There’s been some discussion around about the meaning of ownership in the UK when it comes to our companies.
Mallen Baker’s recent column on EthicalCorp.com asked “Is it time to change the ownership of our best companies?“
In the piece, he writes:
“…increasingly I’m coming to the view that it is easier to have a company founded on values and integrity when it is privately owned than when it is listed. Why?
Because the owner can make mistakes and learn from them without being fired the first time something goes wrong. Because the owner can show real leadership – in the way that Branson did, for instance, with pledging the profits from his transport companies into climate change programmes.”
And this morning Martin Wolf of the FT is asking some similar questions, before concluding that in the UK, sale at the highest price is just the way it is. This is not true elsewhere, he points out, in other large countries.
Wolf, the FT’s chief economics commentator, says that: “Companies exist to provide valuable goods and services to their customers”. I could not agree more.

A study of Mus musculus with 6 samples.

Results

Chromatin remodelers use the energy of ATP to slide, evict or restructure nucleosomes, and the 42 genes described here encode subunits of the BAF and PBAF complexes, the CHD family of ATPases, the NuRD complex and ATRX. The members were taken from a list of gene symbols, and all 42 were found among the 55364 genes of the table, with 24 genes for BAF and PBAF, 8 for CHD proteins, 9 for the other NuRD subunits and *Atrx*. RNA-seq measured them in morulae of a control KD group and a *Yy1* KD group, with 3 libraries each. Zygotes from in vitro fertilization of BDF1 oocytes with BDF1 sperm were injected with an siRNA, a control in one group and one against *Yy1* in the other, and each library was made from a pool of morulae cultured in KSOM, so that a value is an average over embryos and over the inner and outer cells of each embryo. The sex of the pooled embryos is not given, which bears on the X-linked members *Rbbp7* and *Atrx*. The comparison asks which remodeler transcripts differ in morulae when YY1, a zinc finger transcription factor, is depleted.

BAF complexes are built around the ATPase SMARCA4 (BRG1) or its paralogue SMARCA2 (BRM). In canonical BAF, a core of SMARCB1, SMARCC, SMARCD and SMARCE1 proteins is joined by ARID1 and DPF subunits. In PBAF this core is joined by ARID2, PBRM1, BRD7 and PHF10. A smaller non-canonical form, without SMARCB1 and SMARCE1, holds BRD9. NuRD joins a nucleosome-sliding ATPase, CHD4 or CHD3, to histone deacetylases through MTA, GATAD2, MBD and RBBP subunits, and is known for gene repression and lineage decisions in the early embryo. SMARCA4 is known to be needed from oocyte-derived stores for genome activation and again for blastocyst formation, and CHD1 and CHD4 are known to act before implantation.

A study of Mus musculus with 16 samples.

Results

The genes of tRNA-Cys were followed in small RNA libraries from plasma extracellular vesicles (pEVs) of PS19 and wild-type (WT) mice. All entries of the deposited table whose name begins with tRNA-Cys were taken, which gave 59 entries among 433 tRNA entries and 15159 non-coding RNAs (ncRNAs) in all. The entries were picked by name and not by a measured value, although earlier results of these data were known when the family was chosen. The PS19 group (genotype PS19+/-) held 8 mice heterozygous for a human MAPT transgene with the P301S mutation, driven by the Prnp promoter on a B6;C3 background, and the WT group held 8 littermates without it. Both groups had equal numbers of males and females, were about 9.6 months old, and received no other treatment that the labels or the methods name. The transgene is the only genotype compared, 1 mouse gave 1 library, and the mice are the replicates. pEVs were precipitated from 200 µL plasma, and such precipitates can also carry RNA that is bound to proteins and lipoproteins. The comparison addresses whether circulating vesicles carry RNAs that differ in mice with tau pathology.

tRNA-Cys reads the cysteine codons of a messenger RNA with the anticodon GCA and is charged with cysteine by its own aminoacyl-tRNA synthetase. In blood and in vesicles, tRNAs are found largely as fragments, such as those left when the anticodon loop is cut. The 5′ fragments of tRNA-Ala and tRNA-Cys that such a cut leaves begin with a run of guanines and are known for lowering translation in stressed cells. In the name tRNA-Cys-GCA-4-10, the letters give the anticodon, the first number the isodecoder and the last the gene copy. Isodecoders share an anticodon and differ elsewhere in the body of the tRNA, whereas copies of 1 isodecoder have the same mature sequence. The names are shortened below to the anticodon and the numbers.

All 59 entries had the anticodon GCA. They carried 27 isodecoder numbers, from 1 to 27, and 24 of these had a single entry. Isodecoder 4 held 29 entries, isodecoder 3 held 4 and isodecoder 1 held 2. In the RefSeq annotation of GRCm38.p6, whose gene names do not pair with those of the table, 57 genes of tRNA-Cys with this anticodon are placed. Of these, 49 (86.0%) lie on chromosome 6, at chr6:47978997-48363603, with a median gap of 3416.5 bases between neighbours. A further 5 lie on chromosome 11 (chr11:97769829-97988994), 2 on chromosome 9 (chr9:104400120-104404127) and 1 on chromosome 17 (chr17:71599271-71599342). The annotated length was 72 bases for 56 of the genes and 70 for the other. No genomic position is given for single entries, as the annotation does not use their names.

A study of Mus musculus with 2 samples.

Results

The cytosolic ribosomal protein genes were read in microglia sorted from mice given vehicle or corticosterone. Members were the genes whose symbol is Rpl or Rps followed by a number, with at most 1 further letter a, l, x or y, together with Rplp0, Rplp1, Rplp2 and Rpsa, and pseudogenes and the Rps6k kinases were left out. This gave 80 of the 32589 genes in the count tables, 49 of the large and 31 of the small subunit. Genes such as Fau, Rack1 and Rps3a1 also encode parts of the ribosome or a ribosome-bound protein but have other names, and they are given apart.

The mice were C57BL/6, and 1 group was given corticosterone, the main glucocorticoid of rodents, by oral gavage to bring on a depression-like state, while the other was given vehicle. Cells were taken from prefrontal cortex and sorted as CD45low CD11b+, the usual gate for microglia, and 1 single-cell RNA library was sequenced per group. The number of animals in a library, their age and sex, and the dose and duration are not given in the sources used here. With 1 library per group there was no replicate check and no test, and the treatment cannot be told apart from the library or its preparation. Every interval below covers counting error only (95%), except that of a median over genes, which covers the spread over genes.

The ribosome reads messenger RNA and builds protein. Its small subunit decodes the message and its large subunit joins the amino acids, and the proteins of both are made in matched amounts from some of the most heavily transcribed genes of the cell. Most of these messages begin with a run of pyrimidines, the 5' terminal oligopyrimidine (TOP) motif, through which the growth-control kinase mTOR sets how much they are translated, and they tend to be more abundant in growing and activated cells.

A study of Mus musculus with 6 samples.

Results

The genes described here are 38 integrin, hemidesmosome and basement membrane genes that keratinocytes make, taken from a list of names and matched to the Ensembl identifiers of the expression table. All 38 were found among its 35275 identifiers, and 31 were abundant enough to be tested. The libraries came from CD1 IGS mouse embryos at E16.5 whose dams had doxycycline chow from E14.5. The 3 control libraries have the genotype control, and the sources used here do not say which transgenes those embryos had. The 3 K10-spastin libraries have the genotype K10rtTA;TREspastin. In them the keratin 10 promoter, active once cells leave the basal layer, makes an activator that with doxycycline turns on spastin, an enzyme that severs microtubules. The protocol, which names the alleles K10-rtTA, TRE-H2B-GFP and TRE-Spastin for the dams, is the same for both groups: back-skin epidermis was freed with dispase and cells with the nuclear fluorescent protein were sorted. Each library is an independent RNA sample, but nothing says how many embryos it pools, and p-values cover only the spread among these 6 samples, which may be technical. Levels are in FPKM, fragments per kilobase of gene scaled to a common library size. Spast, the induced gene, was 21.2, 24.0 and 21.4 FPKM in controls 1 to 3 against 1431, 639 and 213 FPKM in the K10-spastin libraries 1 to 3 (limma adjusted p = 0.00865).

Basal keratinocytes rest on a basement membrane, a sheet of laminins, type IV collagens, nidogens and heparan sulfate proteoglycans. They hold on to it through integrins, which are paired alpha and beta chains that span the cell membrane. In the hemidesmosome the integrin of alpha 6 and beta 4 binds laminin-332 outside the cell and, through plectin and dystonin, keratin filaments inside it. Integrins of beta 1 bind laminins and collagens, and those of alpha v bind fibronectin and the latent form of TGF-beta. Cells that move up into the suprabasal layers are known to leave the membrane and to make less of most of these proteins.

It may well be that our ‘traditional’ (actually last 30-40 years only) model of profit maximisation for shareholder as purpose, will be called into question more and more.
The silver lining of the meltdown, you might say.
And I can’t see the Asian tiger economies eagerly signing up 100% for the rough and tumble, more cut-throat capitalism of the UK or USA.
Is it time to ‘bring on’ the hybrid model? Where the stock market and dispersed shareholders/outside investors have their say and invest their capital, but have to share control with others, real owners, who have a longer term vision.
There are problems with this model of course. The potential for lack of clarity, in-fighting, and dictatorial owner-operator CEOs.
But clearly the ‘three-four years ahead as long term’ model of shareholder capitalism and private equity is not perfect either.
Might the answer lie somewhere in the messy middle? For some companies at least the answer must be yes.